Advertising and disclosure of funding on patient organisation websites: a cross-sectional survey

Douglas E Ball1*, Klara Tisocki1 and Andrew Herxheimer2

Author Affiliations

1 Department of Pharmacy Practice, Faculty of Pharmacy, Kuwait University, Kuwait

2 The UK Cochrane Centre, Oxford, UK


Published: 3 August 2006

Abstract

Background

Patient organisations may be exposed to conflicts of interest and undue influence through pharmaceutical industry (Pharma) donations. We examined advertising and disclosure of financial support by pharmaceutical companies on the websites of major patient organisations.

Method

Sixty-nine national and international patient organisations covering 10 disease states were identified using a defined Google search strategy. These were assessed for indicators of transparency, advertising, and disclosure of Pharma funding using an abstraction tool and inspection of annual reports. Data were analysed by simple tally, with medians calculated for financial data.

Results

Patient organisations websites were clear about their identity, target audience and intention but only a third were clear on how they derived their funds. Only 4/69 websites stated advertising and conflict of interest policies. Advertising was generally absent. 54% of sites included an annual report, but financial reporting and disclosure of donors varied substantially. Corporate donations were itemised in only 7/37 reports and none gave enough information to show the proportion of funding from Pharma. 45% of organisations declared Pharma funding on their website but the annual reports named more Pharma donors than did the websites (median 6 vs. 1). One third of websites showed one or more company logos and/or had links to Pharma websites. Pharma companies' introductions were present on 10% of websites, some of them mentioning specific products. Two patient organisations had obvious close ties to Pharma.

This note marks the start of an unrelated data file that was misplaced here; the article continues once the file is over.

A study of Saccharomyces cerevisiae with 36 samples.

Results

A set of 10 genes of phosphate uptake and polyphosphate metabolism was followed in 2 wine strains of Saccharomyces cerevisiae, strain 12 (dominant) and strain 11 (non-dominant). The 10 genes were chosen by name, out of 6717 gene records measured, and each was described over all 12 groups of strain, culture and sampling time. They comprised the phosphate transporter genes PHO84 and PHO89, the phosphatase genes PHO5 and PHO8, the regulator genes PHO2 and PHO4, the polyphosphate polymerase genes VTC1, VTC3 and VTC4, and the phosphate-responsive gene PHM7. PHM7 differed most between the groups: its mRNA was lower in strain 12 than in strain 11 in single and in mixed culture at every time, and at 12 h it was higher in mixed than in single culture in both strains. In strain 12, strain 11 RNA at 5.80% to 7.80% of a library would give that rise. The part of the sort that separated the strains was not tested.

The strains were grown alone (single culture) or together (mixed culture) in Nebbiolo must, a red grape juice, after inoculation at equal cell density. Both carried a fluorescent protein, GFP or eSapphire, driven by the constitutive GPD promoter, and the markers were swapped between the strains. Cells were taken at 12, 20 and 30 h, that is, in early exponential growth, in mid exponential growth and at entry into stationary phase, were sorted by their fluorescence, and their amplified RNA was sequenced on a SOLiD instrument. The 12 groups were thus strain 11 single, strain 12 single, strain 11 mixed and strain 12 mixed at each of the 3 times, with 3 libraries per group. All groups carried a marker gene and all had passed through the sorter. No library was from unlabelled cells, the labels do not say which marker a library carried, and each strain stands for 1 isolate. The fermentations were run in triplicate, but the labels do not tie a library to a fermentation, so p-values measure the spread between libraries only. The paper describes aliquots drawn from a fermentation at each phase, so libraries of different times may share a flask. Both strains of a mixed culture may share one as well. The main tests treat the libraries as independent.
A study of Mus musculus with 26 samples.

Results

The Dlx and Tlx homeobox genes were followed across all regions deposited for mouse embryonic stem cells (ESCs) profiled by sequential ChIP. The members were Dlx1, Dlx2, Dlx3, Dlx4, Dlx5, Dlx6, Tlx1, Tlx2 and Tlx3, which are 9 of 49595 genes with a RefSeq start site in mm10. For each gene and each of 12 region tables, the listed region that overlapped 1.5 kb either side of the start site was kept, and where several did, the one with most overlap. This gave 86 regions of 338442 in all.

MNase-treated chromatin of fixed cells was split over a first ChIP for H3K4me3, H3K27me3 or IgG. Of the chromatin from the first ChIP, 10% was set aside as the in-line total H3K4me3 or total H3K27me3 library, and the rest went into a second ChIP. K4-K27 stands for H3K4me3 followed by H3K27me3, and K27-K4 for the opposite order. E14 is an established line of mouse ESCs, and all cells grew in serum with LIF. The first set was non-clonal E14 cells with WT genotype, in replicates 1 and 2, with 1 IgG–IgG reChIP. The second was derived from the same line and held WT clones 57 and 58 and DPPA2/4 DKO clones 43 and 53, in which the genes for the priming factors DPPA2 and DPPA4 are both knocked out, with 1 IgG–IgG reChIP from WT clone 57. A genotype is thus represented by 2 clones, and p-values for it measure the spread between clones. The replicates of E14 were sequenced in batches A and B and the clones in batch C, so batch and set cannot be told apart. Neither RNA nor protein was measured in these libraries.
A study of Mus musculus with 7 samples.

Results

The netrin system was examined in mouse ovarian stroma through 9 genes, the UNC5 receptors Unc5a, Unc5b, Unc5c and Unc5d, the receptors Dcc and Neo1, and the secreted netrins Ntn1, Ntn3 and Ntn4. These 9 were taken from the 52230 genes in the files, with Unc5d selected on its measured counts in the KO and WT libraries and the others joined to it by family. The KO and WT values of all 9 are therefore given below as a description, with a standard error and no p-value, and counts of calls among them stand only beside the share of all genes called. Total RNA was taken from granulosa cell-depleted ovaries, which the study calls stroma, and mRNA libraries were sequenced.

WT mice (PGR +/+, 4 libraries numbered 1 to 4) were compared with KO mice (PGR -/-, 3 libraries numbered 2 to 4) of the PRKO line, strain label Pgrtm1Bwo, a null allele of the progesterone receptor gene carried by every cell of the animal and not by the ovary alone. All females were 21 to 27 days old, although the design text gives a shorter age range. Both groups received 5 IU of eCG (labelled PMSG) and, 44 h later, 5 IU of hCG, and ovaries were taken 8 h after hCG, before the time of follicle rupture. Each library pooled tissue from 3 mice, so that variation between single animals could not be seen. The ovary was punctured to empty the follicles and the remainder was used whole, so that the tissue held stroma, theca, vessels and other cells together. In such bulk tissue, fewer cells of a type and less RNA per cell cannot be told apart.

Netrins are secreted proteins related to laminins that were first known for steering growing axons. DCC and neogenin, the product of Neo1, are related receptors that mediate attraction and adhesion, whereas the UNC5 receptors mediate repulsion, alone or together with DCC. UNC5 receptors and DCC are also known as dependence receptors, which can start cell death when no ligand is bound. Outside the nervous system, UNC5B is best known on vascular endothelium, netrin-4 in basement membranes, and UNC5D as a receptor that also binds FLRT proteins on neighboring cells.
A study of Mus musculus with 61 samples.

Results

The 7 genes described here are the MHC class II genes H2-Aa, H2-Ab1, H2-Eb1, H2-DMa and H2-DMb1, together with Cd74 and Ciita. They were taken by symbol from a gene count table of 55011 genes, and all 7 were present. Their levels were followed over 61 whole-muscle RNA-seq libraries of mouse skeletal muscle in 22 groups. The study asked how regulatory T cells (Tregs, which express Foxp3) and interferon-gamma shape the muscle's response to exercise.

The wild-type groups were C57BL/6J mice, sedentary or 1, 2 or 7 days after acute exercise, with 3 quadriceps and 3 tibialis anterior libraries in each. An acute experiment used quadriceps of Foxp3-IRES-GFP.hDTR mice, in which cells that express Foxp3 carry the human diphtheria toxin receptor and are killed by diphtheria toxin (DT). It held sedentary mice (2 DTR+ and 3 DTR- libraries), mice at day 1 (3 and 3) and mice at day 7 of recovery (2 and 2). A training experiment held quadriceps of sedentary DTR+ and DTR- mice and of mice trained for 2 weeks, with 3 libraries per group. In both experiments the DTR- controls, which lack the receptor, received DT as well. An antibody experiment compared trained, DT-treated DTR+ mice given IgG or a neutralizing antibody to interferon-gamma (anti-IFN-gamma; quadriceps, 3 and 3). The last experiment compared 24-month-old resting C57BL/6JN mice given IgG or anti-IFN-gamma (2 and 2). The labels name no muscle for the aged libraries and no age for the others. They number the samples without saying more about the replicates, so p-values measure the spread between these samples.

Conclusion

Patient organisation websites do not provide enough information for visitors to assess whether a conflict of interest with Pharma exists. While advertising of products is generally absent, display of logos and corporate advertisements is relatively common. Display of clear editorial and advertising policies and disclosure of the nature and degree of corporate donations is needed on patient organisations' websites. An ethical code to guide patient organisations and their staff members on how to collaborate with Pharma is also necessary, if patient organisations are to remain independent and truly represent the interests and views of patients. As many organizations rely on Pharma donations, self-regulation may not suffice and independent oversight bodies should take the lead in requiring this.